Building a Federal Workforce that Reflects a Changing America
The face of America is changing. According to population estimates, 2011 marked the first time more children were born from minority backgrounds than whites. And the U.S. Census projects that America will become a majority-minority nation in 2043. This is a huge shift in the face of our country, and especially for Asian Americans and Pacific Islanders (AAPIs).
AAPIs have been the fastest growing racial group over the past 10 years, growing almost 50%, more than four times as fast as the total U.S. population. AAPIs are also now projected to more than double, from 15.9 million in 2012 to 34.4 million in 2060.
As America becomes more diverse, the federal workforce and its leadership should reflect the public we serve. By 2020, almost one out of every five (19.5%) Americans will be of Asian American and Pacific Islander (AAPI) descent. Yet AAPIs currently account for only 5.6% of the total federal workforce and only 4.4% of the Senior Executive Service (SES), the highest managerial level in the federal government.
The White House Initiative on Asian Americans and Pacific Islanders (WHIAAPI) has been collaborating with federal agencies and community organizations to increase AAPI representation in the federal government at all levels, strengthening the pipeline for AAPIs to enter and advance up the ranks. One example is how WHIAAPI, the Office of Personnel Management, the Equal Employment Opportunity Commission, and the Asian American Government Executives Network (AAGEN) are working together to provide opportunities for AAPIs and others to gain the skills to vie for SES positions through AAGEN’s SES Development Program. I am a proud graduate of the program, which prepares GS-15 (or equivalent) federal employees to apply for SES positions through in-depth training and mentoring. Because of my participation in this program, I was able to rise to the SES ranks.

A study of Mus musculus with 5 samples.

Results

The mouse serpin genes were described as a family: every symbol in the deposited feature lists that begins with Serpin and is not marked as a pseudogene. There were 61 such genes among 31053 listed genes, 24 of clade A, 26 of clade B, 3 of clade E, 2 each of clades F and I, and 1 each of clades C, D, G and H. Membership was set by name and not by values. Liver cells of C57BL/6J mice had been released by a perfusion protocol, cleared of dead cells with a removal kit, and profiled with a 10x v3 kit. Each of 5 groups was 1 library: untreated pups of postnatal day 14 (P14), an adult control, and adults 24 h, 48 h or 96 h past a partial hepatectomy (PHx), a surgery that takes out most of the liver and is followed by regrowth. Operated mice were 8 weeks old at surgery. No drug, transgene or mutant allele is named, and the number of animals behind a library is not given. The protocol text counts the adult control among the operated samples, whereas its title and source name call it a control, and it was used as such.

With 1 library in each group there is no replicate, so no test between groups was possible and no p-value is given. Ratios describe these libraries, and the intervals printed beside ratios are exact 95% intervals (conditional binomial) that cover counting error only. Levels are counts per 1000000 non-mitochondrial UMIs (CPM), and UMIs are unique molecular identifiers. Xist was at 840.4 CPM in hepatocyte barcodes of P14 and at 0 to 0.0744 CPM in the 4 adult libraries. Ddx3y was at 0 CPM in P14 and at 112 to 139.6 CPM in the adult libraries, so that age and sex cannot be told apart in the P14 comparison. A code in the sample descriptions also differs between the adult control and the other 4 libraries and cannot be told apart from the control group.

AAGEN’s SES Development Program helped me fine-tune my “big picture” executive level thinking through comprehensive coursework and coaching. The program included executive development courses led by accomplished leaders in the public and private sectors, coaching in mock interviews, individual mentoring, and career counseling. I came out of the program with a prepared SES application, stronger interviewing and public speaking skills, and new networks to advance my career. Because of the AAGEN program, I had the knowledge, support, and confidence to apply for SES positions and successfully secured the position I am in today in the federal government.
I strongly encourage GS-15 (or equivalent) federal employees with sights on the SES level to apply for AAGEN’s SES Development Program. Applications for the next cycle will be accepted through December 31, 2013. The next class will commence in April 2014 and the program will continue to March 2015. Training sessions will be held each quarter in the Washington, DC metro area. To apply for the program, visit www.aagen.org.
Through similar programs, we can build a stronger, more diverse federal workforce. Together, we can help make AAPIs an integral part of our federal government.
Marla Hendriksson is the Director of Communications at the Substance Abuse and Mental Health Services Administration.